Life is a journey of highs and lows and very often, we get ourselves entangled in the exciting, good, bad and ugly situations in our personal lives.
To some people, such exciting times in their lives can make it very hard for them to concentrate and productively do their job, and so can sad moments of loss, betrayal and stress.
In a paper titled Why Does Affect [emotions] Matter in Organizations Sigal Barsade, a Wharton Management professor at University of Pennsylvania, who studies the influence of emotions on the workplace, writes that: “Employees’ moods, emotions, and overall dispositions have an impact on job performance, decision making, creativity, turnover, teamwork, negotiations and leadership.”
And since we have limited control over what happens in our personal lives that may inevitably affect our productivity at work, how do we deal with such situations?
Racheal Nanyonjo, a banker was faced with a similar challenge as her wedding ceremony was approaching.
“As a person, I was excited about my impending marriage, and nervous about all the changes it was creating in my life. I also had to plan everything and run up and about checking this and that and getting the best service providers.
“That required that for about a month, I be physically and emotionally unavailable for my job,” she explains.
Talk to your boss/ employer
To deal with all this, Nanyonjo had a conversation with her boss about the situation before hand. “I talked with my supervisor about what I was up to and the bearing it would have on my productivity, and that it would sometimes make me physically unavailable. I shared the relevant information that they needed to know, how long it would take, assuring her that I am dealing with everything so that things at work go back to normal, and she was understanding,” she shares.
Additionally, Claire Muhangi, a human resource manager, advises that regardless of what you are experiencing in your personal life, don’t keep your employee/ boss in the dark. “Don’t try to come up with lame excuses every time you cannot make it to work, or when you fail to beat your deadlines and assignments. Don’t let your supervisor be the first one to summon you over your performance/ attitude or mood. Keep them informed about what is going on so that they see how they come in to support you,” she advises.
Talk to someone
Grace Namulindwa, a counselling psychologist, believes that talking about your personal challenges, distresses or distractions is a good start in dealing with the situation.
“Talk to someone outside your workplace about what is going on in your life and how it is affecting your productivity and ask them to advise you. This will make you feel better. If possible, seek professional help of a counsellor who can help you walk through those challenges,” she says adding that if you have to share with a colleague at work, this should be someone you can trust but don’t go talking to everyone in the corridors about your problems.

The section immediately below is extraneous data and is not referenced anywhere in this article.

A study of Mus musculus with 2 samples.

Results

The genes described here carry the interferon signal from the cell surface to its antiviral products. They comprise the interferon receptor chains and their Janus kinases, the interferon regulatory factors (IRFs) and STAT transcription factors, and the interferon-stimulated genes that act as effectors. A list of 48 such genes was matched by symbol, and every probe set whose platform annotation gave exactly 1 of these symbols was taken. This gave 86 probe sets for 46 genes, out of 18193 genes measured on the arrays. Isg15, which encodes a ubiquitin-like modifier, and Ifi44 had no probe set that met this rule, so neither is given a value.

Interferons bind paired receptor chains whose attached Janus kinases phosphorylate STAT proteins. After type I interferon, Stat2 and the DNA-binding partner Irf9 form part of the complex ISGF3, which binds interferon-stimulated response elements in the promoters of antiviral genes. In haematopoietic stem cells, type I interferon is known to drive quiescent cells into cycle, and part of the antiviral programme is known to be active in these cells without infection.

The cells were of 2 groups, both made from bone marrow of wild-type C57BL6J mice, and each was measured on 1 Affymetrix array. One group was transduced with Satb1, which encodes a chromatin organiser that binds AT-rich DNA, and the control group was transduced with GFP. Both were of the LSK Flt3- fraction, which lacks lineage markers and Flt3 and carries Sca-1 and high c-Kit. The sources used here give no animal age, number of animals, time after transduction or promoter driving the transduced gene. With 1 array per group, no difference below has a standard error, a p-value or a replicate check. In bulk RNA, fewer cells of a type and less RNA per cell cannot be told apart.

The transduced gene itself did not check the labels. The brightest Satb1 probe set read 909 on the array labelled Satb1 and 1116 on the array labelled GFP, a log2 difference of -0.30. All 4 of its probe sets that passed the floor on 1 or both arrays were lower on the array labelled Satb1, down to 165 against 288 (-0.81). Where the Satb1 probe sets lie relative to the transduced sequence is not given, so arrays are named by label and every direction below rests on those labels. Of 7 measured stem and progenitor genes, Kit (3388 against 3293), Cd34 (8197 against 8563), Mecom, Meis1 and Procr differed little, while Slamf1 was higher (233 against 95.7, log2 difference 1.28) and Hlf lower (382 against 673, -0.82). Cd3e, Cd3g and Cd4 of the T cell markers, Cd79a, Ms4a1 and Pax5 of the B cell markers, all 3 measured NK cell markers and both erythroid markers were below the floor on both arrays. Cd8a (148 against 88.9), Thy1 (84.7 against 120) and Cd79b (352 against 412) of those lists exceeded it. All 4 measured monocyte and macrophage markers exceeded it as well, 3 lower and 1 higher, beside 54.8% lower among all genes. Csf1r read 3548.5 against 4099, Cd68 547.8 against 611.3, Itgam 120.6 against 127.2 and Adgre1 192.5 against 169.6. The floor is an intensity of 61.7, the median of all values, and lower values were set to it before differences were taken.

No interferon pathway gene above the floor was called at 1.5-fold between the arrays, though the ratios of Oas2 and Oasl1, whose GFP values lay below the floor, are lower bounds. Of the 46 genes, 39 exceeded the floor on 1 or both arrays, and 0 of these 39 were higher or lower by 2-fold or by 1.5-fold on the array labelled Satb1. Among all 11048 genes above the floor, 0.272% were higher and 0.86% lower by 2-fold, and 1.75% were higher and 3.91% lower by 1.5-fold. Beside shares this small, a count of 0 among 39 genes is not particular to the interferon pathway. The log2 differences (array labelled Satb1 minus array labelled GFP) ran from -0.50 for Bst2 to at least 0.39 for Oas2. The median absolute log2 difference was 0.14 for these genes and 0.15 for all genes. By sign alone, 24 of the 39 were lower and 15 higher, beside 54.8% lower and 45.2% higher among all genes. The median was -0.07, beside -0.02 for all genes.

Plan your day
“When I lost my mother, it was hard for me to concentrate at work when I resumed working. My mood was swinging from somber to angry to critical. I found it very hard to go through the day at work, and for the first week, I literally couldn’t do any meaningful work, until I created a work schedule that would help me stick to my duties,” Moses Lugya, a computer engineer shares.
He explains that he had to discipline himself to stick to his work schedule to be able to accomplish duties and he shares that if your job allows, have a work schedule and try to adhere to it.
Deal with the problem
Over and above all, deal with the source of the problem.
“As you take one day at a time trying to get through with your workdays, dealing with the source of these emotions is paramount.
I acknowledge that there are issues one just needs time to cope with; like loss, however, in cases where you have to deal with the problem, work towards that, because it will offer you a permanent solution. These can be dealing with addictions, heart breaks, change of social status, among others,” Gertrude Ahimbisibwe, a counsellor notes.
Take a break if possible
Claire Muhangi, a human resource manager, says depending on what the situation is, one may decide to take a break from work, again, depending on whether that is possible - depending on the nature of one’s work.
“It is pointless for an employee to show up to work, but when they are not being productive at all, so where possible, ask your superiors for a break from work so that you either recollect one’s self, or to deal with the stress factors. If it is possible to push for your annual leave (If entitled to it) a few weeks off the job will profit you much,” says Muhangi.